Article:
The Science of Shopping

Canadians spend more than $230 billion a year in retail stores, comprising 27.2 per cent of our gross domestic product. A large part of this is impulse buying, by increasingly rushed consumers who have less and less time for shopping. According to Paco Underhill, if all impulse buying were to disappear, the economy would collapse

Underhill studies shoppers for a living. Using video cameras and human trackers, his firm follows them in their natural environment, the store, noting their behavior the way an anthropologist might study an obscure culture.

By observing and recording how they move, and their reaction to different stimuli, he is able to advise retailers on how to design stores and position merchandise, decorations and signage. The goal is to make the shopping experience pleasurable for the consumer and to boost sales for retailers.

In Why We Buy: The Science of Shopping, Underhill shares insights that almost twenty years and hundreds of thousands of hours of videotape and personal observation of the retailing trade have produced.

Retailers traditionally rely on two methods of evaluating shopper behavior. The first is by determining which products are selling. But looking at the sales register tape gives no qualitative information as to why clients are buying or not buying.

For example while videotaping a drug store whose analgesic section was under performing, Underhill's trackers noticed traffic was high but the closure rate - the percentage of shoppers who bought - was below expectations.

After studying the area for three days, a pattern was detected - although traffic was high, much of it was young kids charging down the aisle, past the analgesic section to the soda department, frequently bumping into the aspirin shoppers -often seniors nervously trying to determine the best deal.

Many become perturbed, and broke off their browsing walking away empty handed. Simply moving a few shelves reversed the situation and resulted in a sales increase for the under-performing department.

Another method of analyzing shopper behavior is by querying them about their experience, where they bought, how many alternatives they looked at, how many pairs of pants they tried on etc ... But polling has limitations. People often don't realize their own motivations and behavior. In a study of cigarette merchandizing, shoppers remembered seeing signs for Marlboro even though none existed in that store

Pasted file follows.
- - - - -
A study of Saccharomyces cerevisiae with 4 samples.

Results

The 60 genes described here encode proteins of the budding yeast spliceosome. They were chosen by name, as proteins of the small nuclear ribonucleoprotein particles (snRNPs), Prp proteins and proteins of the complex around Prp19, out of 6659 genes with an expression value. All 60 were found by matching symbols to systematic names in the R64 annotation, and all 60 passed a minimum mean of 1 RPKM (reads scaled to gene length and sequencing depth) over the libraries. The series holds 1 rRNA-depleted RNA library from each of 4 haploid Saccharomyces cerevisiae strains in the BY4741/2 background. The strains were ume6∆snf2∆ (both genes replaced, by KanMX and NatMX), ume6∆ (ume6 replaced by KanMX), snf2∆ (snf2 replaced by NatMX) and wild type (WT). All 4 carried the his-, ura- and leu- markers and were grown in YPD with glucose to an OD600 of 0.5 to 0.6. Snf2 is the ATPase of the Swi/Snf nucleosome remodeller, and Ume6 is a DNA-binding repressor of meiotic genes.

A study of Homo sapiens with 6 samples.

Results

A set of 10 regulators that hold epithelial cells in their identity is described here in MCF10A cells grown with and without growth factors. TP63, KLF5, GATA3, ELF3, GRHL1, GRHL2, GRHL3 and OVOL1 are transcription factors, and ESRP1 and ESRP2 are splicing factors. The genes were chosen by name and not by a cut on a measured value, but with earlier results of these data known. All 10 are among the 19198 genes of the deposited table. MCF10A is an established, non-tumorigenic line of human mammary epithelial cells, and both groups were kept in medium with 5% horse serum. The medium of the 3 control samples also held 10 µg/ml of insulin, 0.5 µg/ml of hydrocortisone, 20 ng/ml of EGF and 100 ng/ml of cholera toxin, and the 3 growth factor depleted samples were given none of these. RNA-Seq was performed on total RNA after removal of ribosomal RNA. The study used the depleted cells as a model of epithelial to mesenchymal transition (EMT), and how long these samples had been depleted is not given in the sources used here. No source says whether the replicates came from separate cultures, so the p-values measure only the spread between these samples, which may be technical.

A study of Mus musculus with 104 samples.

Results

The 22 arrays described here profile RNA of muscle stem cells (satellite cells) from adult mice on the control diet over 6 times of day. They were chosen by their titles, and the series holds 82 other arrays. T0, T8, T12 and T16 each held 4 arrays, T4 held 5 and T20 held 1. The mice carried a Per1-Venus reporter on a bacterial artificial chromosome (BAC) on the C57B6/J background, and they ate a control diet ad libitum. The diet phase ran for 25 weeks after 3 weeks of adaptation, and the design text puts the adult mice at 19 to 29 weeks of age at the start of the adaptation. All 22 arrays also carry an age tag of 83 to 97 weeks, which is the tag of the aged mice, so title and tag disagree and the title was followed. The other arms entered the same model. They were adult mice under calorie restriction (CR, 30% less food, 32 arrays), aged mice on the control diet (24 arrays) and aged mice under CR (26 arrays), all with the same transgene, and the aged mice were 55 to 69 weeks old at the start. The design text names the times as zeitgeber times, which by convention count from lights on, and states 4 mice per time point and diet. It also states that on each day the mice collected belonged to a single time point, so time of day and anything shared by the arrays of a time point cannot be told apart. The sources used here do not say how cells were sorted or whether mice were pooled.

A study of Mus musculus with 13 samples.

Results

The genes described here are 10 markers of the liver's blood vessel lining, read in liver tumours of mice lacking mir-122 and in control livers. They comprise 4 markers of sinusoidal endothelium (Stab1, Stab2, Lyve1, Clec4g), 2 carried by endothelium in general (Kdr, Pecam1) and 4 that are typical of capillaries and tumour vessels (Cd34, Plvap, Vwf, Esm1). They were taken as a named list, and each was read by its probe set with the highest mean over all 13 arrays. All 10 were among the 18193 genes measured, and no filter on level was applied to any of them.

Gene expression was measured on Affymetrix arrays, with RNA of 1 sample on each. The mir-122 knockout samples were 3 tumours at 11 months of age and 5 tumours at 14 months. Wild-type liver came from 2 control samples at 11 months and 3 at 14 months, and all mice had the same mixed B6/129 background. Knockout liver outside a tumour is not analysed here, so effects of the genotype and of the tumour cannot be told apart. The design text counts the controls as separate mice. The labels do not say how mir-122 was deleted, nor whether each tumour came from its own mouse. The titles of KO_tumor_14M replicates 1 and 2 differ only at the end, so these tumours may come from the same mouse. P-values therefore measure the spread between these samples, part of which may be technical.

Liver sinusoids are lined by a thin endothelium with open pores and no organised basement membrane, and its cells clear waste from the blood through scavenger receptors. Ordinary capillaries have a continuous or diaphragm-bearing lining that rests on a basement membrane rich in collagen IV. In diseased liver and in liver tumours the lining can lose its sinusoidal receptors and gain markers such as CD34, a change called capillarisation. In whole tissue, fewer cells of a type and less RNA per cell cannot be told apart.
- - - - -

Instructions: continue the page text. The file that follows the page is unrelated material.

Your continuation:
Underhill writes that brands are no longer the force they were a generation ago so many purchasing decisions are made in the store. The shopping environment heavily influences this impulse buying and hence the need for effective store design. The author offers several suggestions.

The longer a person spends in a store, the higher their average purchase is likely to be, so much of his advice is geared toward getting shoppers to shop longer. Many bookstores have coffee shops in them, allowing clients to browse publications while comfortably seated - surely prolonging the average visit.

Another strategy is to design stores to maximize the merchandise that shoppers are exposed to. But this can backfire. Sears at Fairview is layed out like a maze, forcing customers to look at many products they would otherwise ignore as they try to find what they are looking for. But with so many twists and turns, once in, it's hard for the shopper to find his way out.

Underhill is unambiguous: Waiting time is the single most important factor in customer satisfaction. "Busy executives hate to wait for anything, but some don't realize that normal people feel the same way."

He often notices shoppers, who have spent long periods in the store, abandoning their carts when confronted by a crowd at the checkout line. He advises against placing the register at the front of the store since clients entering, will often turn around when they see a lineup.

Men and women have different attitudes toward shopping. In one study the author noted 65 per cent of male shoppers who tried on clothing bought it, as opposed to 25 per cent of females shoppers.

When a shopper goes to the changing room he is in buying mode. This is where the sale is "closed," hence, its importance. He recommends making them roomy with large mirrors and a wide variety of lighting options. Including benches so people waiting for friends trying on clothes can relax is also a good idea.

Men are much easier to sell to than women, since they don't enjoy the experience as much and want to get it over with. Almost all women food shop with a list vs. less than a quarter of men. Eighty-six per cent of women look at price tags. The figure is just 72 per cent for men.

According to Underhill for women there are psychological and emotional aspects to shopping that are absent in most men. In practical terms this means they are more demanding of retail environments.

Men want a place where they can find what they need with minimum effort and get out - fast. Women are patient and inquisitive, demanding environments where they can move comfortably, in what sometimes resembles a semi-trance state. They have a lower tolerance to what he calls "butt-brush" and consequently like little corners of stores with less traffic.

Underhill is skeptical of the Internet's effect on the traditional store - only a decade ago catalogs were going to replace physical retailing. Yet, after some initial success, sales peaked at roughly a 10 per cent market share. He believes people still want to feel and touch products they buy. Even if Internet sales someday doubles that of catalogue sales there will still be a huge slice left for the conventional store.


Why we Buy: The Science of Shopping, by Paco Underhill, 255 pp. Simon & Schuster. $37.00

Photo Caption: The longer a person spends in a store, the more they will spend. Indigo Books, Music and Café allows customers to browse magazines while seated in a coffee shop, prolonging the shopping experience.